There was much rejoicing in the property world when the House of Lords ruled on BBL damages. The message was that a negligent valuer would not be liable for losses caused by a fall in the market price of over-valued land. But the jubilation was misplaced.
Lord Hoffman gave the leading opinion in South Australia Asset Management Corporation v York Montague. First, analyse the nature of the duty to provide information for the lender to take into account in its decision-making.
The valuations in this case were merely one factor in the lending process. The measure of damages was, accordingly, the loss attributable to the inaccuracy of that information. Calculate the total loss and then ascertain whether all of that loss is attributable to the inaccuracy of the information, or whether part is due to the lender's own negligence or other intervening factors, such as a property crash.
The element attributable to an inaccurate valuation would generally be calculated by reviewing the security the lender relied on compared to the actual level of security.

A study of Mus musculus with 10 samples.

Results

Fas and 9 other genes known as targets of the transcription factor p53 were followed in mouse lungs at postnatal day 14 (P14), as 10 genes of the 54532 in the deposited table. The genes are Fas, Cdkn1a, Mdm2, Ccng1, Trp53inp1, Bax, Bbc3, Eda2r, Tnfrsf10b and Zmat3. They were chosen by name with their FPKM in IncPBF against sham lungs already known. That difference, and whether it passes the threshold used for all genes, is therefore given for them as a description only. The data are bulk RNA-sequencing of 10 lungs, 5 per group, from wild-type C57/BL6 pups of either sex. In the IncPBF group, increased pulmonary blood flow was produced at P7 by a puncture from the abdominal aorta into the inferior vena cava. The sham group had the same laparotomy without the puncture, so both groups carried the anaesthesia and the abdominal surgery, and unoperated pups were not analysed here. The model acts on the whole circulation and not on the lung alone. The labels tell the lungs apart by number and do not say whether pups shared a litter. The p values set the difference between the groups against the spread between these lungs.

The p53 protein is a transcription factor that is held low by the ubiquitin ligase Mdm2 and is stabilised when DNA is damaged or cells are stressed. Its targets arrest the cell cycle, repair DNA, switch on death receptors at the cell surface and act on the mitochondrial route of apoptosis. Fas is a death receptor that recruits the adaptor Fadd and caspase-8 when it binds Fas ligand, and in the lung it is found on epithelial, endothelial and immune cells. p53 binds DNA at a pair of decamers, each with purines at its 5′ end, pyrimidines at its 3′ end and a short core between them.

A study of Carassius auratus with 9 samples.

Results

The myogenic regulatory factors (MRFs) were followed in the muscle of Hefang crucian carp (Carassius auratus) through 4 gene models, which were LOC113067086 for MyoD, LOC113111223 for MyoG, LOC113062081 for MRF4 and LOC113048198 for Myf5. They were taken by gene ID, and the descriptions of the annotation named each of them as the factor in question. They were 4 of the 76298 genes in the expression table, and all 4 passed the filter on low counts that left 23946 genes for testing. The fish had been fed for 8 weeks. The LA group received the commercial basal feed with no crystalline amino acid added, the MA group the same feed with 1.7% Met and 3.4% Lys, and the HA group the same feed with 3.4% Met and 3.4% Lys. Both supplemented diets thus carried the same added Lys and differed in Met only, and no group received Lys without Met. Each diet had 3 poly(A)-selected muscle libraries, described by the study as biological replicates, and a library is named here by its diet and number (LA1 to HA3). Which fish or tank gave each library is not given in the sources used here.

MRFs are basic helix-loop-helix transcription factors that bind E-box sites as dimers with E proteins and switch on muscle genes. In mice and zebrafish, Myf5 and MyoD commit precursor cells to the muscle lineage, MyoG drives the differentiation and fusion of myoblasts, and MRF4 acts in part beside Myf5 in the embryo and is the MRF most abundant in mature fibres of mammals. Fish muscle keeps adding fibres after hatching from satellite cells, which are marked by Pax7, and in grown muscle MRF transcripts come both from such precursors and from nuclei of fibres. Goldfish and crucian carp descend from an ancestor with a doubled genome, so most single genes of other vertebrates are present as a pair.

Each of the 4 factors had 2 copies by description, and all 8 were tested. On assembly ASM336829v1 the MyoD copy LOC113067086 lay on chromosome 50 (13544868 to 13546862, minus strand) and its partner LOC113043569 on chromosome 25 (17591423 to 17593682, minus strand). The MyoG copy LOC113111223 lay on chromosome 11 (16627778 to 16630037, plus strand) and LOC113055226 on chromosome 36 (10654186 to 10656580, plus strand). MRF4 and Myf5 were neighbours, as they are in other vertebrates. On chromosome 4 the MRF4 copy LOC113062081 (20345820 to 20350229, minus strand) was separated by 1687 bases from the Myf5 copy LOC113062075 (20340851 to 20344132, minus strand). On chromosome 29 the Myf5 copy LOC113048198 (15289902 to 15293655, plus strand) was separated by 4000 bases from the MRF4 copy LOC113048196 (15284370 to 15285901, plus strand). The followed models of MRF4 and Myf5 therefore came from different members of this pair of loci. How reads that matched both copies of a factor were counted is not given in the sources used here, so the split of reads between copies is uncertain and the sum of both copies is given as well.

Valuers must take note that this may still lead to a full recovery of losses.
Further, as now clarified in Platform Home Loans v Ovston Shipways, any reduction which is due to contributory negligence is taken from the total loss, not any discounted figure. This case also suggests that interest will be added to the resulting figure.
Where a professional advises a client what action to take, damages for negligence would still include all foreseeable losses, including those that were increased by a fall in the market.
This "advice" case may apply to solicitors and barristers but can also affect surveyors, for example, where they are given substantial discretion as to the balance of properties in an investor's portfolio.
Indeed, lenders may review their instructions to valuers to take advantage of the advice case with potentially greater recovery if anything goes wrong.
Valuers (and other professionals) will still face substantial claims with no discount for market fall. The calculation of damages depends on careful analysis of the duty of care breached by the negligent defendant.
The Law Lords remind us to go back to first principles and review the scope of the duty and the purpose of compensatory damages.